Volkswagen Golf GTI (2012-2019) review - Interior, design and technology

It’s no surprise the latest Golf GTI looks like the last… but the onboard tech is a leap forward

The Golf GTI's design is certainly evolutionary rather than revolutionary - it looks virtually identical to the previous model, but that won’t be a surprise to VW enthusiasts.

As usual, there are a number of relatively subtle design elements that set the hot model apart from the standard Golf hatchback, including a roof spoiler, GTI badging, a bodykit and a sports exhaust. But the most noticeable feature is the red stripe that runs across the grille and into the headlamps.

Subtle styling tweaks set the TCR apart from the lower-end GTI Performance. A deeper front splitter and side skirts are complimented by a more aggressive rear diffuser, a large rear wing and TCR puddle lights. Of the five exterior colours, three (red, white and the TCR-exclusive Pure Grey) are available with a contrasting black roof. Thankfully, the graphics on the side are a £555 option.

The GTI’s interior picks up the theme from the grille, with discreet red highlights helping to create a sporty atmosphere. The flat-bottomed, three-spoked GTI steering wheel has red stitching, there are aluminium pedals and the classic golf-ball-inspired gearknob is a pretty cool touch as well. The rest of the cabin is standard Golf hatchback fare. That’s no bad thing, as it means you can expect a clear and concise design with a large centrally mounted touchscreen, and a top quality feel.

You can spec the standard GTI with leather seats, but we'd always go for the chic tartan cloth seats that come as standard. Other standard equipment on the GTI includes DAB radio, Bluetooth connectivity and adaptive cruise control.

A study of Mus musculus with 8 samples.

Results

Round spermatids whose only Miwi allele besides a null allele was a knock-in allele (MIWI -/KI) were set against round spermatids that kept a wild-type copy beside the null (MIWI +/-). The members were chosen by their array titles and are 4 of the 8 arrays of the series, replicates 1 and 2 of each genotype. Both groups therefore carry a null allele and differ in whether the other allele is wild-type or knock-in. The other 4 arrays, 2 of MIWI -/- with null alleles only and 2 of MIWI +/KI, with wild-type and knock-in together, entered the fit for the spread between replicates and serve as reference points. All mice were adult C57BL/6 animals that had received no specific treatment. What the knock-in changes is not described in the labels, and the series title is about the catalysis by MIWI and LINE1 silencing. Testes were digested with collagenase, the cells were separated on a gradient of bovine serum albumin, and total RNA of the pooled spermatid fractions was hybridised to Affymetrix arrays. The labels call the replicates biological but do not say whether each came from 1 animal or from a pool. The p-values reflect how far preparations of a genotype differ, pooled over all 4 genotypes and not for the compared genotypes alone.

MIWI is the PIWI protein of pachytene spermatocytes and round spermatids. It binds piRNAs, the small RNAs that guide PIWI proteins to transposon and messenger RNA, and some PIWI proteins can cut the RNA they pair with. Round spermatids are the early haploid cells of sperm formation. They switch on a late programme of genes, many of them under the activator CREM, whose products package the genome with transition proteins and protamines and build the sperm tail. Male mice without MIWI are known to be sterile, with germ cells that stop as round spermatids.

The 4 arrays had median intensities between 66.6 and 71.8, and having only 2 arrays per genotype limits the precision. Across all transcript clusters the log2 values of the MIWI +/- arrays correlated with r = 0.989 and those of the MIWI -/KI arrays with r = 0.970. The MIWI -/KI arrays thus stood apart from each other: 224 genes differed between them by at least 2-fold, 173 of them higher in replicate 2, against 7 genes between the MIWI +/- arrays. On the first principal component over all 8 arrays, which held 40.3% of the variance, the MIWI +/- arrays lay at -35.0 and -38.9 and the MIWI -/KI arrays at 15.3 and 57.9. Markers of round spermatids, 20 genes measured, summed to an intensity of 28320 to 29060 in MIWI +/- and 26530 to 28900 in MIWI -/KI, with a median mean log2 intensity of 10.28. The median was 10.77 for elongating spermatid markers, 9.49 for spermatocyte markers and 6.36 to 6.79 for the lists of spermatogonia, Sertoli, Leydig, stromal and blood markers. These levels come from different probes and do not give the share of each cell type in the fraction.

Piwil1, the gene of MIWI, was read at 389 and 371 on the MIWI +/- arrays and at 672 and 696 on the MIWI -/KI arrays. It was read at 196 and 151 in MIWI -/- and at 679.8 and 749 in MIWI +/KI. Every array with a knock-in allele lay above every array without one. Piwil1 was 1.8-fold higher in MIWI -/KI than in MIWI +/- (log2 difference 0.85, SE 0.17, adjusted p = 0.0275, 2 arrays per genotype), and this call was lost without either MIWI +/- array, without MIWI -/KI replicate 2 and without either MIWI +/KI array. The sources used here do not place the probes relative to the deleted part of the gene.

Again, the TCR adds a few subtle upgrades, though it’s less ostentatious inside. All TCRs get an eight-speaker stereo and the larger Composition Media infotainment system. There’s some unique seat fabric, too.

Sat-nav, stereo and infotainment

The standard eight-inch touchscreen in the Golf GTI is great, with a bright, vibrant and sharp display that responds much more quickly to inputs than the one found in the Peugeot 308 GTi. There’s lots of kit, too, with Apple CarPlay and Android Auto included as standard as part of VW’s Car-Net system, which also offers three years’ online information for traffic data, fuel prices and more.

On top of this, the GTI gets VW’s 12.3-inch Active Info Display as standard, replacing the Golf’s regular analogue dials with digital instruments. It’s highly configurable and means you can display the satellite navigation map in front of you, so you don’t have to glance down to the centre of the dash to view it.

The beauty of the set-up is how easy it is to operate, though. The menus are logically laid out and it’s quick to process your demands, making it easy to use.